What Is the Difference Between Almond Paste & Marzipan?

by Laura Scott

Pastry chefs sculpt sugared fruit from marzipan, a type of sweetened almond paste.

marchpanes image by Lani from Fotolia.com

Almond paste and marzipan contain the same basic ingredients. They are considered two distinct confections used to make and decorate cakes and pastry though. Generally, marzipan is a type of almond paste that contains more sugar.

Almond Paste

Almond paste recipes differ, but overall they call for equal parts of crushed, blanched almonds and sugar. Some cooks heat the sugar with water or glycerin and then mix it with almonds that have been crushed in a food processor to make the paste. Some recipes call for almond extract to add flavor to the paste.


Marzipan is made with a higher ratio of sugar to almonds and many recipes call for 1 part crushed almonds to 1.5 parts sugar. Whipped egg whites and rose water are other ingredients commonly added to almond paste to make marzipan. Pastry chefs often add food coloring to marzipan and sculpt it into fruit shapes used to decorate cakes.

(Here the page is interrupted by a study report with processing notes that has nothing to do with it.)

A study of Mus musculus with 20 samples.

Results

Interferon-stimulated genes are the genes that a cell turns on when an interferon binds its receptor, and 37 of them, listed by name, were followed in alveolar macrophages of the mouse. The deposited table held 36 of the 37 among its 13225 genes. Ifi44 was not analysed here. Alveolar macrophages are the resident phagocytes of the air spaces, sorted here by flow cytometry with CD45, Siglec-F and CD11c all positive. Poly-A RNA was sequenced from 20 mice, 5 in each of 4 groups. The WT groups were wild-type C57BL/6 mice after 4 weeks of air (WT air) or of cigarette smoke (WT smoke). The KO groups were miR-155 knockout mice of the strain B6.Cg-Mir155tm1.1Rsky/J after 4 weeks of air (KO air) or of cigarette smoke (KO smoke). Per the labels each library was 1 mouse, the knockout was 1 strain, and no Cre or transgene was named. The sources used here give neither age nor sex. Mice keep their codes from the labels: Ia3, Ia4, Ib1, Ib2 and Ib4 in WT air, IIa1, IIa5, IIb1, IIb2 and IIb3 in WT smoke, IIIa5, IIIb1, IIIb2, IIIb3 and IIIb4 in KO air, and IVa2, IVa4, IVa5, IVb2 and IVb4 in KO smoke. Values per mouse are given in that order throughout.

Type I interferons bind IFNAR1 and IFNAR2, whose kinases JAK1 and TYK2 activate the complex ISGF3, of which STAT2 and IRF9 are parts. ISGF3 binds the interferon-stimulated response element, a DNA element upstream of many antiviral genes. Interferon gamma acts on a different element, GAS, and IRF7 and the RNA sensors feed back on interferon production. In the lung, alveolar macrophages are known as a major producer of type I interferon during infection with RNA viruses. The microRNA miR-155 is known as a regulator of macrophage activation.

Regional Differences

Marzipan and almond paste are ancient treats, and different cultures have different traditions. In Toledo, Spain, marzipan is a regional product that must be made of at least 50 percent almonds. European Union rules require all marzipan products to contain 14 percent almond oil. There are no specific U.S. requirements for almond paste or marzipan.


Laura Scott has been reporting for Gatehouse Media New England, Essex County Newspapers and other regional publishers since 1997. She won several New England Press Association awards for her coverage of the fishing industry and coastal communities. Scott is a graduate of Vassar College and has a master's degree in American studies from Boston College. She also attended art school in Italy.